In the past two months, at least five different people have said something to me along the lines of “My teacher said/some professional writer said/my crit group says/I have observed [insert writing technique] is the rule for [insert writing problem or situation]. So is that a rule?” This means it’s about time for another look at writing rules.
Actually, let’s start with looking at rules, period. The definition of “a rule” according to the Oxford Dictionary is “one of a set of explicit or understood regulations or principles governing conduct or procedures within a particular area or activity.” There are rules for games; there are rules at school; there are safety rules; there are government rules; there are “house rules”; there are rules of etiquette and rules of the road. Some of them are common sense (“Measure twice, cut once”), some of them people have mutually agreed on in order to make our lives easier (“All cars in this country travel on the right/left side of the road”), and some we agree on for fun (“The batter gets three strikes, and then they’re out.”). What they all have in common is 1) rules are made by one or more people and enforced by one or more people, 2) rules can be broken (unlike, say, the law of gravity), and 3) breaking rules has consequences, which are often undesirable (see enforcement, above).
Having a bunch of rules for something can be desirable. It’s not much fun to play a game that has no rules. Rules also remove the necessity of making decisions (large or small depends on the rule). In some cases, following rules can keep one from making a serious or even life-threatening mistake (“Don’t cross a busy street against the light”). And, of course, following rules keeps one out of trouble with whoever is enforcing them.
Rules depend on a common context and/or repeatable situation. “You can’t play a red Jack on a black Queen” may be a perfectly good rule for a card game, but it doesn’t help if you’re playing football or driving a car. Which brings us to writing.
Saying “there are rules for writing” is like saying “there are rules for card games.” The only one I can think of that applies to all card games is “You have to have a deck of cards,” and even then, there are a lot of card games like canasta and pinochle that require multiple decks or specific types of cards. Even if you start by saying “OK, I’m going to play poker,” you still have to decide what kind – Texas Hold’em? Five-card draw? Razz? – and which variation you’re playing with how many people.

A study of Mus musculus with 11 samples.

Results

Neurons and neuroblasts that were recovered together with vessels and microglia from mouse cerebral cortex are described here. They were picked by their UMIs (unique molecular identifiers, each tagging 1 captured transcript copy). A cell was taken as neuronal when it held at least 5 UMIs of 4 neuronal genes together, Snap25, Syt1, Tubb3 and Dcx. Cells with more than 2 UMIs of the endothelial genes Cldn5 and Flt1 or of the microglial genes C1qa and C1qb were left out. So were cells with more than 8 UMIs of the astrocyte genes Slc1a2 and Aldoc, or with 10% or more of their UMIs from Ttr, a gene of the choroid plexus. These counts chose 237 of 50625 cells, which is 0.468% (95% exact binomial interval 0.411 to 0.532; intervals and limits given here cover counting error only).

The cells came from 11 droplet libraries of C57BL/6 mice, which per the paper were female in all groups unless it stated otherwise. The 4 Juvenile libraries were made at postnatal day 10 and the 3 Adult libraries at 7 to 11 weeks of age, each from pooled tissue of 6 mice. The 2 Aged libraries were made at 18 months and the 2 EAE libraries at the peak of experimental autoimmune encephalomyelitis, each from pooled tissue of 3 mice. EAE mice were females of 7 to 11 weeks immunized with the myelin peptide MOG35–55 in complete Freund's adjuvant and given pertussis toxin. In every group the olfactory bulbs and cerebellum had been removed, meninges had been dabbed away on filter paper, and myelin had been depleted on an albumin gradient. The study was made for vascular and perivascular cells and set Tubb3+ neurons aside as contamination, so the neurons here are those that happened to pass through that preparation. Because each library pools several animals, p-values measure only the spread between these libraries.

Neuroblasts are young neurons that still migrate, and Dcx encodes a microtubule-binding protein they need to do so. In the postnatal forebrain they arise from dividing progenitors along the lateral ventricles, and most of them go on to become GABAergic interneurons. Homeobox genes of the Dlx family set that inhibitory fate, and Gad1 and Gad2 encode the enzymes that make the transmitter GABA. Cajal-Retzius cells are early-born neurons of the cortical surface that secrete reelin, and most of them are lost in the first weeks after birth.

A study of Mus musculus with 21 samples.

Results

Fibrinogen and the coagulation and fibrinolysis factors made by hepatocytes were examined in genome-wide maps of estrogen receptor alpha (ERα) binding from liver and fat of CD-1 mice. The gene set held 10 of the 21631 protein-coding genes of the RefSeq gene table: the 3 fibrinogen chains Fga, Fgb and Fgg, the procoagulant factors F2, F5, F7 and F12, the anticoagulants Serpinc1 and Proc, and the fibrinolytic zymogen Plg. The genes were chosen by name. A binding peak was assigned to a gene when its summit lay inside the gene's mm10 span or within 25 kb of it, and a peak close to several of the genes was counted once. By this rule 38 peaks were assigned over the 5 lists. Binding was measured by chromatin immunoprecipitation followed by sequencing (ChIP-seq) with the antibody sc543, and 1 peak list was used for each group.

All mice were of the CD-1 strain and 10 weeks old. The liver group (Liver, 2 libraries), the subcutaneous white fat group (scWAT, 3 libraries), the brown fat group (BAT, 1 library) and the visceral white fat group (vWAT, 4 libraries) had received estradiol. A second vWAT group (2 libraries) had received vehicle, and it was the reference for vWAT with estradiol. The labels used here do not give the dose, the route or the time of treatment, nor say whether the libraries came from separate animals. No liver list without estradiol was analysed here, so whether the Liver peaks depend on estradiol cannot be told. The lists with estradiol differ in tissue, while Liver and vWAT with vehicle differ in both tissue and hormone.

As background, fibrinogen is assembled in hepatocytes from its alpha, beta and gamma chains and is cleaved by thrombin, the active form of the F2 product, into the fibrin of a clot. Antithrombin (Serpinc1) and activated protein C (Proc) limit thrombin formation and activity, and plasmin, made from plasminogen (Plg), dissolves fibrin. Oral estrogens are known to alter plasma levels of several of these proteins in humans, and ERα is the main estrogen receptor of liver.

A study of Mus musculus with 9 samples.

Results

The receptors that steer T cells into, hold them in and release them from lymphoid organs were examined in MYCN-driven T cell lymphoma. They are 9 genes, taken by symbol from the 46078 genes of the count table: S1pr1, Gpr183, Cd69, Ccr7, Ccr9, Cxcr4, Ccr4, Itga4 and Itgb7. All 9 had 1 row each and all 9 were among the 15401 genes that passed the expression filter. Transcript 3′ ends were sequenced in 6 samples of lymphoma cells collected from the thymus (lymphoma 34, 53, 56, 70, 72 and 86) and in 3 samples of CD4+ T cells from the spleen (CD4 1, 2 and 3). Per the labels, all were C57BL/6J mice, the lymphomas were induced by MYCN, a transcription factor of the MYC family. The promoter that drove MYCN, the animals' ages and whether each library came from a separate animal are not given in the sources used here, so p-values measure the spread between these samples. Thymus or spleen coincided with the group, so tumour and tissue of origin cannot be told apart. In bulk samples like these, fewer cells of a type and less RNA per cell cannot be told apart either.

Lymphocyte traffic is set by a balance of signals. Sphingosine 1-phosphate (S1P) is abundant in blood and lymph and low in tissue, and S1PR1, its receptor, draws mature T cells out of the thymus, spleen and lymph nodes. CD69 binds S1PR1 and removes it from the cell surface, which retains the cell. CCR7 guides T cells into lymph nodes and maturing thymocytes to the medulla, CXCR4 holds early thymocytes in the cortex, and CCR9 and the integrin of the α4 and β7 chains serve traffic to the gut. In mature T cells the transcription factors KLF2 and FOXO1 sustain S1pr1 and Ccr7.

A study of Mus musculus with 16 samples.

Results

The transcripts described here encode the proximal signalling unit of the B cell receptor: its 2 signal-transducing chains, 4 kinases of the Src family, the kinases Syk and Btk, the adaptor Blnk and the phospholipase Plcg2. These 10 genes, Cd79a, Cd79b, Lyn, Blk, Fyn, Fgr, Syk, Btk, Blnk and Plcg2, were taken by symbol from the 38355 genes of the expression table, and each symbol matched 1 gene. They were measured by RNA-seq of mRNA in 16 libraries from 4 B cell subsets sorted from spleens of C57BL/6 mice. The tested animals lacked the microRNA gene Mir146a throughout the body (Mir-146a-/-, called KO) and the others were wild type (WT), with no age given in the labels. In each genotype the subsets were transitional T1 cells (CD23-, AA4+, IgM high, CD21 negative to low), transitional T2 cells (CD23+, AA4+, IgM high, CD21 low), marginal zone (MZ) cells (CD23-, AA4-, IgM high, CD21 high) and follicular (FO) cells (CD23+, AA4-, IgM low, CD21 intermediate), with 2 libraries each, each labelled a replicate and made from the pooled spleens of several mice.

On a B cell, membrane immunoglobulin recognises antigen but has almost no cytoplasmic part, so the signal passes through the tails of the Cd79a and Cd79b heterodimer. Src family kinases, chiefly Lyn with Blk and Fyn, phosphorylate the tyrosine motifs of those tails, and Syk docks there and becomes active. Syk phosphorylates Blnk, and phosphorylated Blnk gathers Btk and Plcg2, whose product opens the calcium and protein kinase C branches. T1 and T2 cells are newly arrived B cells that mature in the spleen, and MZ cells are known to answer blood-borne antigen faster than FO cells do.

And if you’re trying to play solitaire and somebody starts criticizing your plays based on the rules for canasta…well, that’s not going to be very helpful, is it?
Writing “rules” are even worse. One of my editors once told me that publishing 60 books a year was essentially doing 60 new product launches a year, because no matter how people try to group and classify books into genres and subgenres, every book is different. There may be similarities with other stories – you may have two authors who are both playing Solitaire, for instance – but you still face the problem that one is playing Klondike and the other is playing Spider. The same rules do not apply, even though the game is similar in a lot of regards.
People like rules, because it gives us a benchmark, a way to tell how we’re doing. But general “rules” for writing are just about impossible to codify – there are too many variables along too many different axes, everything from genre to intended audience to desired effect to the interaction between characters, plot, setting, theme, style, and all the other technical aspects of writing.
What one can do is set specific writing rules for oneself. Creative writing classes and how-to-write books do this all the time; homework assignments are rarely “go write something” – no, they’re things like “Write 500 words of dialog between two characters who are never named” or “Write 300 words of description of a setting that lets the reader know that a horrible tragedy took place here, without actually mentioning the event.” The idea, of course, is to practice a specific technique that the teacher or books wants the writer-students to improve. Yet when I teach, there are always at least two out of every ten to fifteen students who ask “Does this mean it’s wrong to name characters when I’m writing dialog?” or “So it’s a rule that you’re not supposed to tell the readers what happened in the past?” (This is one of the reasons I hate giving exercises and homework, though it’s really the only way to cover specific techniques in a short time so I still do it.)
Writers set themselves rules for all sorts of reasons: because they want to master a particular technique, because they want to stretch their skills in a new direction, because they’re trying to eliminate a writing tic that they’ve noticed (this last can be anything from forbidding oneself to use specific words like “really” or “grin” or “tiara” to limiting the number of compound sentences or semi-colons on one page to forcing oneself to use a viewpoint or technique that one has been avoiding).
The thing is, those rules are invented by the writer or teacher for a specific project or purpose. They don’t usually apply to all of that writer’s work, let alone to everyone else’s writing. It is important to remember this, because if one doesn’t, one can become trapped by a writing “rule” one made up ten years and twenty projects ago that is getting in the way of whatever one is trying to learn now.
Almost all “writing rules” depend on what kind of thing you are writing, what kind of effect you want it to have, who you’re writing it for, and whatever else you may be trying to do. The only rules that really do apply to all fiction are things like the rules of grammar and syntax (and even those vary depending on what language you’re writing in), plus these two: 1) You have to write. And 2) What you write has to work.